In Butler County, there are more than 775 children classified as homeless, meaning they live in cars, motels or “couch surf” among friends and family, she said.
The organization, she said, takes a holistic approach to helping families secure housing, first by removing the barriers that keep them stuck.
“We partner with other agencies to help families build their resume, learn job and interview skills and obtain employment,” Withrow said.
Other barriers, she said, can be a lack of transportation and childcare and previous debt.
Three years ago Withrow was working as the mission director at Faith Community United Methodist Church in West Chester Twp. when a group of people she worked with decided it was time to combat homelessness in Butler County.
“We ran an outreach program for low-income families. We became aware of families who were homeless and we were quite surprised by this in West Chester,” she said. “We discovered there are very few shelter options for families where they can stay intact. We invited community and church individuals to a community meeting to explore starting up Family Promise in Butler County.”
The group had an organizational meeting in May 2014 and was granted non-profit status that December. After connecting with the national group to help get started, things really took off, according to Withrow.
“From that point on we experienced miracle after miracle as a van and two trailers were donated, 14 churches signed on to host our families and we finally found our day center in order to open and serve families in September 2016,” Withrow said. “We are staffed with a case manager who works with the families to teach them job and life skills, financial literacy and good tenancy.”
“Each day, Family Promise transports the families to a day center in our 15 passenger van which is the reason we serve up to five families at any given time,” Withrow said. “The day center becomes their home base and their address to use when looking for a job or other services. The children are transported to school from the day center.”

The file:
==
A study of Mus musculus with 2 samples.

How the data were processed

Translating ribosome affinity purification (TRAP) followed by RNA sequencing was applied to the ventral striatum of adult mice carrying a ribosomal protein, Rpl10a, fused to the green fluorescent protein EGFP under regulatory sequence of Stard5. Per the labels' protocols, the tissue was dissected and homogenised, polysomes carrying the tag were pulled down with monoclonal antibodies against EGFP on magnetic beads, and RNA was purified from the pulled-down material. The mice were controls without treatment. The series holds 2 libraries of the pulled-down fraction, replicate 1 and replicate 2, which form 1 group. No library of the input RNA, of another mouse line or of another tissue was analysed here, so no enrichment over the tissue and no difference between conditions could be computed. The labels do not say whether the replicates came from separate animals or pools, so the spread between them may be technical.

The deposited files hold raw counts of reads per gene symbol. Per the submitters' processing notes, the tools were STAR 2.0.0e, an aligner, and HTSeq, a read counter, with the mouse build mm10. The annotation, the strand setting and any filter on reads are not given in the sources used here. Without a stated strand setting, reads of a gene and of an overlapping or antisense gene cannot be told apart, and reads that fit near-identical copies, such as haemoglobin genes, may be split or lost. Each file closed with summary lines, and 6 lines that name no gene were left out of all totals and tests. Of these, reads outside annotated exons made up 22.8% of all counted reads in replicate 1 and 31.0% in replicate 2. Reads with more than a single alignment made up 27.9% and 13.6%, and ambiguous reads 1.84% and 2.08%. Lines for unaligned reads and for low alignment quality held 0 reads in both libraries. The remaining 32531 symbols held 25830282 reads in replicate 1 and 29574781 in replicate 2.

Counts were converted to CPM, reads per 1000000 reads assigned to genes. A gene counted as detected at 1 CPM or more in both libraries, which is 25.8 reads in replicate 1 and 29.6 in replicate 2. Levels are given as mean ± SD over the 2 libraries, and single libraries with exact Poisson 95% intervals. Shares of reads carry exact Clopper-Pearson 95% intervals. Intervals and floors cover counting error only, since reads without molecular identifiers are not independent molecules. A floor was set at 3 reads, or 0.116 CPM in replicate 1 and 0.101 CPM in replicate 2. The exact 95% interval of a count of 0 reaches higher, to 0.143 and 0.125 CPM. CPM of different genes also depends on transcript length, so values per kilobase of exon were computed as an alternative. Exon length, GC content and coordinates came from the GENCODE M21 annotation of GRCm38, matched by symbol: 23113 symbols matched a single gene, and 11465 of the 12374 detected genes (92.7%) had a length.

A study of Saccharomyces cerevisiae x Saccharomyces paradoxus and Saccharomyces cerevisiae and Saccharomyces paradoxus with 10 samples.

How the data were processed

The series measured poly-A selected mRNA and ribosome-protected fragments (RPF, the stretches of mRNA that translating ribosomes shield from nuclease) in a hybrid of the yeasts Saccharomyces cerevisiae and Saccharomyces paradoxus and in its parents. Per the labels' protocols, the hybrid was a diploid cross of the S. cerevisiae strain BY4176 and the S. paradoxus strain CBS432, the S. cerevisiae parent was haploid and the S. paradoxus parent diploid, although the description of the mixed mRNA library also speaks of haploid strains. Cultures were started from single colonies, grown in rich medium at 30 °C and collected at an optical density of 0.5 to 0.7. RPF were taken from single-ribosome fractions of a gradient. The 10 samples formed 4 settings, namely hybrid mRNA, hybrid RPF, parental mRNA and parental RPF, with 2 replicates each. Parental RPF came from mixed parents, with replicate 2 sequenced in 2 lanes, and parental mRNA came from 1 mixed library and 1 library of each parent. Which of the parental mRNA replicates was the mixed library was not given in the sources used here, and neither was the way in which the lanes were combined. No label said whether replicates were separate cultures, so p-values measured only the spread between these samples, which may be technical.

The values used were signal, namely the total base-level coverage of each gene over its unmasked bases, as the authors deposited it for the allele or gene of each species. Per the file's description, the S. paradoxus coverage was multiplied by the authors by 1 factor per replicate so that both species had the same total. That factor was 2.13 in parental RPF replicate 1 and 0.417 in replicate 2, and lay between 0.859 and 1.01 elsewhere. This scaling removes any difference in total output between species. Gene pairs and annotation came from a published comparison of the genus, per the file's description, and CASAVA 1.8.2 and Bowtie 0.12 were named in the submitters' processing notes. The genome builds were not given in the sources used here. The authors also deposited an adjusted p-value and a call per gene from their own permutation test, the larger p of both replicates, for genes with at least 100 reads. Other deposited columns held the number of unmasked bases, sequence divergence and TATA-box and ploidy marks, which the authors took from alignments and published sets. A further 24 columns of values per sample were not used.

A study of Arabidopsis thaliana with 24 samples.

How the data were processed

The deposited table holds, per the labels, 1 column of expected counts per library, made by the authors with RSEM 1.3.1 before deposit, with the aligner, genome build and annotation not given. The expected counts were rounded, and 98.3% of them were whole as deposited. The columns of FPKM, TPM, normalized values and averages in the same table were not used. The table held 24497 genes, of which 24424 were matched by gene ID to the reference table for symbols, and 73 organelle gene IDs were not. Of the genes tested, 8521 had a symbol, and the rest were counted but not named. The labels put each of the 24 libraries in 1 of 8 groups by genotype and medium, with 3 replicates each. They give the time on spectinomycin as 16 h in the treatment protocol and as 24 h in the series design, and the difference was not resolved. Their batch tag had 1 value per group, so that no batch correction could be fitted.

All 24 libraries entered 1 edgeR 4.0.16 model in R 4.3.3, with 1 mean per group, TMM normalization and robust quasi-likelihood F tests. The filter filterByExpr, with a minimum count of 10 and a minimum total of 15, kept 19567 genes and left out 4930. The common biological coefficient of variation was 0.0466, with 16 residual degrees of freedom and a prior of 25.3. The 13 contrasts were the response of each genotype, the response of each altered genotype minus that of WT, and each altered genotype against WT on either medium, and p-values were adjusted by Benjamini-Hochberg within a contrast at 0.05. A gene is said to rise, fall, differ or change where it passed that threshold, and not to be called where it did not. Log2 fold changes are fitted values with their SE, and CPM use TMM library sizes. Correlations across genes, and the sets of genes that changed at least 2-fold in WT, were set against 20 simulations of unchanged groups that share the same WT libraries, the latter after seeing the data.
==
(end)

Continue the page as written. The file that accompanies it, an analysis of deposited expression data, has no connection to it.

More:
Paulino and Pauline Alejos, along with their two daughters, recently moved to the area from California with no family or support.
“They came to Family Promise and with a lot of hard work were able to obtain a job, childcare and with the help of one of our churches, they found a car,” Withrow said. “Once they were able to make rent, they obtained their housing. They continue to rely on the support of Family Promise as they address the challenges of building back their lives.”
Paulino said Family Promise helped him to create a resume and to find a job.
“They helped my wife get enrolled into Butler Tech to get her GED and helped get us focused on what we really needed to do in a short period of time,” he said.
In a little over 100 days, he said the family now has an apartment and he is pursuing the management path at the store where he works.
“I know that my kids will have something to eat and a place to sleep,” he said.
Kara Bray of the Salvation Army said it is good to know that the agency is working to fight homelessness in Butler County.
“There is a need for more shelters for the homeless in Butler County,” she said. “It is good to have another resource out there helping people.”
People in need of assistance or anyone seeking to donate or volunteer with Family Promise can call 513-444-2033 or visit www.familypromisebutlercounty.com.